September 20, 1987|MAX JACOBSON | Max Jacobson is a frequent restaurant reviewer for the Calendar section and has himself been a maitre d'.

IF YOU ARE inclined to dismiss the typical maitre d' as little more than a traffic cop in a Givenchy suit, you'd better have another look. It's not an easy job.

The basic requirements for the position are management ability and a natural affinity for the public, but those talents alone won't cut it in the trendier establishments, where demand is high and a "good table" is as much of a status indicator as an Italian sports car. Westside maitre d's need the diplomatic skills of a SALT negotiator, especially when the dining room is overbooked and patience is wearing thin. The maitre d' has to be able to say just the right word and sense just the right moment to offer a soothing glass of wine before tempers flair and someone goes storming out the door. And even those skills don't suffice.

Extensive knowledge of food and wine is a must, because the public has an insatiable demand for novelty, and it's embarrassing to be caught unawares. Even more embarrassing is the failure to recognize an important client, or a gaffe--like "Nice to see you again, Mrs. O'Brien" when it's Mrs. O'Brien's first visit to the restaurant. Or when it isn't Mrs. O'Brien. It's scenarios like this that make a maitre d' need the memory of a chess master.

Many maitre d's work their way up through the ranks, starting as waiters or even busboys. Many others come directly from hotel and restaurant schools. But no matter what their backgrounds, a thorough knowledge of service is a must; maitre d's train the staff to serve the food and set and clear the tables properly. A host or hostess will not go around from table to table talking to people and will not assist in menu or wine selection.

The maitre d' is a tipped employee, which raises the touchy issue of gratuities. Contrary to silly rumors, Westside maitre d's do not drive Bentleys or live in Trousdale Estates unless they are receiving major palimony, and tips are a part of their livelihood. Just remember, you can't always buy a table, no matter how much you're willing to pay; sometimes there just aren't any to be had. It's better to tip after service or, if you are a regular customer, on holidays; it's much more discreet, and it adds to your prestige as well.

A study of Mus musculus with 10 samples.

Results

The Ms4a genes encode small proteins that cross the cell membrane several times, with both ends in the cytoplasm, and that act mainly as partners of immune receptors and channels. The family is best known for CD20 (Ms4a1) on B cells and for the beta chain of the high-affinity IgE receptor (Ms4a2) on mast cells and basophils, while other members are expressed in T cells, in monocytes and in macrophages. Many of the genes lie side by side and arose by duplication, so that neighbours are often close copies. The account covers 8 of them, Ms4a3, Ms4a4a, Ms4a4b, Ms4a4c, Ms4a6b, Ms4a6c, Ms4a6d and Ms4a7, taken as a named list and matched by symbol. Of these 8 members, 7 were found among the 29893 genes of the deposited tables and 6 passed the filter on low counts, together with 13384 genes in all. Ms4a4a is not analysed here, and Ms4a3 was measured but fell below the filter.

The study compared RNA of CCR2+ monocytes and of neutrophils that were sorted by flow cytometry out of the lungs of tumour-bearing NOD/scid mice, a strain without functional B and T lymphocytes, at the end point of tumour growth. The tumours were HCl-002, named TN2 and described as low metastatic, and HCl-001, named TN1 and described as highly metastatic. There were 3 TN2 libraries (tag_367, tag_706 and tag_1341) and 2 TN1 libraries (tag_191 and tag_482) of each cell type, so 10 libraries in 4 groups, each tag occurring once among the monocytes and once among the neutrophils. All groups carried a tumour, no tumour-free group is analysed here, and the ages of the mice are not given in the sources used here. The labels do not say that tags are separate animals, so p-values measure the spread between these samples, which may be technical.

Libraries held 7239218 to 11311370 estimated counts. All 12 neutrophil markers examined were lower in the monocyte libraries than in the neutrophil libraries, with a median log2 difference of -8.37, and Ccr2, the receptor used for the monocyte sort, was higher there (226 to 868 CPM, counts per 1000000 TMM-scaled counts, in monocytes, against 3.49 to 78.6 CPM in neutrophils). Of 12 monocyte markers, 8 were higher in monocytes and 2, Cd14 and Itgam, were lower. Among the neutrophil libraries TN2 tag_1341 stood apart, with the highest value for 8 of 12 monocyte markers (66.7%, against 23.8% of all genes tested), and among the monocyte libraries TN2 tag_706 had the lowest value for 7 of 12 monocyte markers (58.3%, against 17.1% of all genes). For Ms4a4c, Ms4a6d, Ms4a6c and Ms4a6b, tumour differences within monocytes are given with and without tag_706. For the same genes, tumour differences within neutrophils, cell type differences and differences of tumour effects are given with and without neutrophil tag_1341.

Here's a glimpse at three members of this working-class elite.

Breakfast: It's barely 8 a.m. in the Polo Lounge, and Bernice Philbin has already shifted into overdrive. Philbin has been the breakfast maitre d' in the Beverly Hills Hotel for 37 years; she runs her dining room with an iron grace. Don't even think about buying a table from her; she'll seat you where you belong, and you'll like it.

The Polo Lounge is the mecca for power breakfasting, where high-octane agents and studio hotshots write deals on napkins and constantly compete for tables near No. 3, the center booth where Marvin Davis, movie magnate, hotelier and deal maker extraordinaire, holds daily court. Philbin directs traffic and handles it with the ease of a mother seating her children in church pews. She coddles with authority.

"Rule No. 1 is never seat people in the same business near each other," she says. "They might be trying to close the same deal. Rule No. 2 is never violate someone's privacy. Let them initiate contact." Sage advice.

If you're wondering if things would be the same without her, the answer is: They wouldn't. Just ask Milton Berle. When a young hostess picked up the house phone as Berle was requesting his usual table, she replied, "Mr. Berle, yes, could you please spell that?"

"Get me Bernice, now ," Berle hissed.

Lunch: Thomas Glavan is gliding around the patio at Citrus, looking as if he's on roller skates. Citrus is one of the toniest new restaurants around and serves about 250 lunches a day. It takes a cool customer to handle the door.

Glavan, who also works as the dinner maitre d', is a real extrovert: He loves people, and he has a vulcanized smile to go with a killer wardrobe and boundless energy. Glavan is the quintessential European maitre d': He speaks several languages, is a stickler for service and has an unctuous client manner. He gives the impression of being French, but he's really from Zadar, Yugoslavia, on the Dalmatian coast. He's as smooth as a Bijan shirt.

Despite Glavan's outward demeanor, his philosophy is "to keep internally calm, as calm as possible." That's the best way to handle all that pressure, the Zen of a maitre d', you might say. Don't bother with excuses if you're late; he's heard them all: "My wife got sick," "The traffic is terrible," "We thought our reservation was at 12:30." What works with Glavan is patience. Don't be aggressive with him. He was the maitre d' at L'Ermitage for nine years, after all, a bastion of haute cuisine and formal dining, and he doesn't respond well to a hard sell. If you're a regular like Rod Stewart or Dolly Parton, he's not about to let you stand at the door. But if you're not, try the soft approach.